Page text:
4 min read

I'm spending some of my time trying to better understand how people who make creative work on the internet - writers, artists, musicians, indie developers - can build an audience and make a living from their work.

I have a lot of questions about how these creators can find people who their work resonates with. This is the opposite of founding a startup or a small business, for example: there you're finding the audience first, and building something that resonates with them. While some creative work is along those lines, more of it comes from a different creative space. The work is some function of the creator's need, with the feedback loop from the audience factoring into the mix as it grows.

Community-building, then, is a big question - particularly in the world of opaque social media algorithms that get in the way of talking directly to your followers. I'm calling it "community-building" becaues while promotion is a component, it's not the whole purpose, nor the overriding instinct. Finding kindred minds is a more immediate emotional need, even if the financial act of covering your bills is closer to the base level of Maslow's Hierarchy.

In the current ecosystem, community-building and compensation have been rolled up into one set of tools. By providing value over the top of facilitating transactions, platforms can attract creators. The more creators they attract, the larger the audience they bring with them, and the larger the cumulative profit they ultimately earn.

Medium does this well: by submitting work to the Partner Program, you're much more likely to be featured on the homepage and in its newsletters - and its payments are not insubstantial (here's my featured story Rules for Resters). Substack performs a similar trick for email newsletters (I subscribe to Daniel Ortberg). Patreon attempts to do it for every kind of creative work on every medium, which is a tricky balancing act (I back Hallie Bateman and Mastodon).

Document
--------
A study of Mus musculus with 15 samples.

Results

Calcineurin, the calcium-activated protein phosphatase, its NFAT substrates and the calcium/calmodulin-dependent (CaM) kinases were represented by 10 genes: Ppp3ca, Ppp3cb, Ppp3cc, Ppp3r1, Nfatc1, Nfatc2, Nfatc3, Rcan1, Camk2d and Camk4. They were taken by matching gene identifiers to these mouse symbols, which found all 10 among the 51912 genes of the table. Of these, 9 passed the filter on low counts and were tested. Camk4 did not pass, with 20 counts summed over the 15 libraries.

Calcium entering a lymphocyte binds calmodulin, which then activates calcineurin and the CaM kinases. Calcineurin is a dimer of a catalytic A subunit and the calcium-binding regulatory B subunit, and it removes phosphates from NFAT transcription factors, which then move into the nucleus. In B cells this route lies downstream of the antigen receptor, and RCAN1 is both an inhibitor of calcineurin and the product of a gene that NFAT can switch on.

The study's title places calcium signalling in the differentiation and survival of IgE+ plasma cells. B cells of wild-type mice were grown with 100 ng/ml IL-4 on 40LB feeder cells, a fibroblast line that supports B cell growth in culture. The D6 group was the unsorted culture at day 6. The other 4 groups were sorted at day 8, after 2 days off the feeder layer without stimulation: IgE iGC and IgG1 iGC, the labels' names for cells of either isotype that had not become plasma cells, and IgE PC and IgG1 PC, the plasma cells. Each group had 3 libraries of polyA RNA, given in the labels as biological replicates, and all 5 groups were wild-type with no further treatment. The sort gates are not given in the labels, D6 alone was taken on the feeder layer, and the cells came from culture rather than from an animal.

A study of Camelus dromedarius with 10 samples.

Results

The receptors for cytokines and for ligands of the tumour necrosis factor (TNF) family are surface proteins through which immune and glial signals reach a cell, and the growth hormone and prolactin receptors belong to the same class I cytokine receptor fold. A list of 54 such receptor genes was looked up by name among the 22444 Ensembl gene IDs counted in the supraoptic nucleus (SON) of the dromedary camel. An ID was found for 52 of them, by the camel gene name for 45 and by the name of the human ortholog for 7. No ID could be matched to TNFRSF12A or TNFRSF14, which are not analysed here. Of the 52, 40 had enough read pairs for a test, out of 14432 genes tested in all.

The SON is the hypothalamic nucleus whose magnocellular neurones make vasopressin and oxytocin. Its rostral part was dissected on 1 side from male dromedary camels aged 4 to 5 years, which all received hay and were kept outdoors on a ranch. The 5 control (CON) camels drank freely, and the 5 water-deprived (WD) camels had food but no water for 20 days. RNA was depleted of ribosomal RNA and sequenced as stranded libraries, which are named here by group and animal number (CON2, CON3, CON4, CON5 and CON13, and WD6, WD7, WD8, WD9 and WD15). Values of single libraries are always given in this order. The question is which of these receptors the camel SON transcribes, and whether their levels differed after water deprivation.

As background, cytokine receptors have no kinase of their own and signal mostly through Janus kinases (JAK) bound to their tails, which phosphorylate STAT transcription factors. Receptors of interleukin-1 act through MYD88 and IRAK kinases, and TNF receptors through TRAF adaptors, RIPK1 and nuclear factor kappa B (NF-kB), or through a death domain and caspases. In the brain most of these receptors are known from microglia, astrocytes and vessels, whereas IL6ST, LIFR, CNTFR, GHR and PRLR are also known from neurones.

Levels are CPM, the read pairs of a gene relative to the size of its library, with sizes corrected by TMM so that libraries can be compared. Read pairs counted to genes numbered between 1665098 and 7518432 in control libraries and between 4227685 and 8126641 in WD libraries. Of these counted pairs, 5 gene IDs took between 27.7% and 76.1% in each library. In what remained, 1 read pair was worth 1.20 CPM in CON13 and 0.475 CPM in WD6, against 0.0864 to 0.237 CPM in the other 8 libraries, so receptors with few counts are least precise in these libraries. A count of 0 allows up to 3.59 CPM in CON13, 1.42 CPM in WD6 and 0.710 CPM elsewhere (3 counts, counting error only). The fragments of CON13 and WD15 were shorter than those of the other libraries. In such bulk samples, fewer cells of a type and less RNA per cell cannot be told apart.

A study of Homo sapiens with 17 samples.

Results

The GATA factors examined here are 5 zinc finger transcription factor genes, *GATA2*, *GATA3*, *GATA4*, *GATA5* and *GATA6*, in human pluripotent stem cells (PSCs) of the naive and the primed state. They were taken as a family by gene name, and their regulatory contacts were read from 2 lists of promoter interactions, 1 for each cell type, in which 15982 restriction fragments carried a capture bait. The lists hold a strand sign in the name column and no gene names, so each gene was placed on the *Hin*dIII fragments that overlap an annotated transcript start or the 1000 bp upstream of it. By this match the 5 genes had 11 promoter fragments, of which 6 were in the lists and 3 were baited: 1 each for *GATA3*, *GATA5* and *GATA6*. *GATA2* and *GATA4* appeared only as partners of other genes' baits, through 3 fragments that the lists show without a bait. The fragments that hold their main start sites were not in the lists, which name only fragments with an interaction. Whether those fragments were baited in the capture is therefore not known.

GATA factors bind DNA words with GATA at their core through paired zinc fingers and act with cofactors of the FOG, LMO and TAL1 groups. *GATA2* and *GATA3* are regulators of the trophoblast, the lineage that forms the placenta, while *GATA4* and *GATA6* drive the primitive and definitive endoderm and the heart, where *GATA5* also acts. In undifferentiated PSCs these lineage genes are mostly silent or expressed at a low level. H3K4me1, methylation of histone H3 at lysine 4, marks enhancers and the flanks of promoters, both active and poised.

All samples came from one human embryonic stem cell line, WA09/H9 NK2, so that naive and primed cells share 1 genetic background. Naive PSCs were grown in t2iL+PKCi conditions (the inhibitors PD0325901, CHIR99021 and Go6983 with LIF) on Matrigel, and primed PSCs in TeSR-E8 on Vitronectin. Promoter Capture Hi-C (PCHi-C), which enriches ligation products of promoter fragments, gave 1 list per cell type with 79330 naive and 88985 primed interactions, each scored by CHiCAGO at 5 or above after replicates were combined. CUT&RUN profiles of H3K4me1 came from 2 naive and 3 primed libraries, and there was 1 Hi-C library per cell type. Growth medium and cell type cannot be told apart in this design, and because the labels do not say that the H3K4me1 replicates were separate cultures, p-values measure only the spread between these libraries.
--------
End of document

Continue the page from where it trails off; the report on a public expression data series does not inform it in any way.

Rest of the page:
Everybody is more or less aligned here, and real money is being made, but this bundling makes it difficult to tailor your revenue or community-building tactics to your audience. One size has to fit all.

This may work for some creators; others, not so much. Every community and audience is different, and understanding their needs and desires is a core part of building a following, and a subscriber base. It's not about what you assume their needs and desires are; it's all about getting to know them as real people, and through this holistic understanding, developing unique insights about them. These insights can validate or invalidate your assumptions, but they can also take you in entirely new directions. (This principle applies to both artists and business founders, although, as I pointed out earlier, the starting point in this learning cycle is probably different.)

There's a clear benefit to making payments easier, and having a common gateway to do that, so that audience members don't have to enter their credit card details again and again and again. But that doesn't mean that everything needs to be bundled. There's also a clear benefit to having the tools of community-building and taking payments made out of small pieces, loosely joined, so that you can create the stack that makes the most sense for your own community, with tools that are tailored for them. One size fits all services are the first step, and maybe the entry point. But this is the web, and more is possible.

Patreon et al don't just want to own the payment relationship between artists and their audiences; they want to  own all aspects of that relationship. They want fans to visit their homepages instead of the artists' own. Ultimately, they want to own the way artists communicate with the world - making those communications subject to their own rules.

By establishing open standards for one-click, peer-to-peer payment that can then integrate with multiple tools, artists can potentially be better served. They can meet their audiences where they're at. They can make money without adhering to anyone else's rules. And they can more quickly reach a point where they're covering their costs through the work that they love.

This open source, decentralized world is coming. It's great news for anyone who wants to see a diverse cultural landscape where anyone can make money on their own terms, without regard for language, borders, or what someone at a desk in San Francisco thinks would be nice to promote. And it will change everything.